The latest shot in the battle among a number of states to attract film productions was recently fired by New York Governor Kathy Hochul in her proposed Fiscal Year 2024 Executive Budget, which was released on February 1, 2023 (the “NYS 2024 Budget Bill”).  Seemingly in response to efforts by other states to lure more film and TV productions, Article VII, Part D, of the NYS 2024 Budget Bill ( proposes several changes in the Empire State Film Tax Credit Program that, if approved, will surely be of great interest to film and television production companies.  Included among these changes are the following:

  • The aggregate annual amount of tax credits available under the Program would be increased from the current $420 million to $700 million.
  • Credit availability would be extended for an additional five years – from 2029 to 2034.
  • The credit for qualified expenses would be increased from 25% to 30%, the percentage cap that applied prior to 2019, with the possibility of an additional 10% for filming in any of 53 designated New York State counties.
  • The credit would be available with respect to the so-called “above-the-line” costs of compensation paid to producers, writers, directors, actors, and composers, although the amount of such credit-eligible costs would be subject to certain limits.
  • Less restrictive eligibility criteria and more generous credits intended to encourage the relocation to New York of more TV series that are filming elsewhere.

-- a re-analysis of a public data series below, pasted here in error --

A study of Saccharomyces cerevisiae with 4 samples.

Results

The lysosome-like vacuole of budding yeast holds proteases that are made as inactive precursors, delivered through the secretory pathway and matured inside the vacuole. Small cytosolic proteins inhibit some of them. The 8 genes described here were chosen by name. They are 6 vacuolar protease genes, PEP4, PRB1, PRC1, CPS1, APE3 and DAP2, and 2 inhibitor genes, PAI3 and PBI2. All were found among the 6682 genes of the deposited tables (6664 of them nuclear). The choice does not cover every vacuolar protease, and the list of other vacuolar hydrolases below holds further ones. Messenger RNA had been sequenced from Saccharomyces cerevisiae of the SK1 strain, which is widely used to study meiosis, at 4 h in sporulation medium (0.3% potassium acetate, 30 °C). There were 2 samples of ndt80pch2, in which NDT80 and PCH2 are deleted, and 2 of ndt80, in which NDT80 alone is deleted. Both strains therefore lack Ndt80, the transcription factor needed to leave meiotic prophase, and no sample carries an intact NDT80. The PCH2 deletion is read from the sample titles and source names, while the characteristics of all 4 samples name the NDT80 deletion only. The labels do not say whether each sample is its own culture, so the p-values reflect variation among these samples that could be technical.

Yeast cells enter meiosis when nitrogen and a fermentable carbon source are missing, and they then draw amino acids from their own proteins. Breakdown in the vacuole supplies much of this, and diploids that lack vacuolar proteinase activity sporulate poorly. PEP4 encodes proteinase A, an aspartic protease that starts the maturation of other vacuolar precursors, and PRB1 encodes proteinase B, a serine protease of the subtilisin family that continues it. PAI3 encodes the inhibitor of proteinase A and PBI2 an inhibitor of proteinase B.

The Memorandum in Support accompanying the NYS 2024 Budget Bill ( indicates that the proposed changes in New York State’s film and TV production credit program are intended to “allow New York to meet the rising demand for New York’s talent and resources,” “strengthen New York’s already successful tax credit, which has supported more than 57,000 jobs and $12 billion in wages a year” and “increase support for the film production and post-production industries,” but also notes that the changes seek to “improve New York’s competitiveness with neighboring jurisdictions.”  The latter stated objective was linked to the proposed inclusion of capped credits for “above-the-line” salaries and restoring the credit to 30% (a bump up from 25%) of qualified expenses, but may also be an unsubtle reference to New Jersey, which, it has been reported, offers a 30%-35% tax credit and is building out infrastructure to entice film and TV producers (, and has seen a number of productions choose to film in New Jersey rather than in New York, resulting in  2022 film and TV production spending reaching a record $650 million (!).

In addition to New Jersey, a number of other states also offer generous film and TV tax credit incentive programs – including California, Georgia, Illinois and Pennsylvania – competitive with those offered by New York, and it will be interesting to see whether, if approved by the New York State Assembly, and to what extent the proposed changes in New York’s film and TV tax credit program achieve the NYS 2024 Budget Bill’s job creation and revenue goals for the film and TV production industry.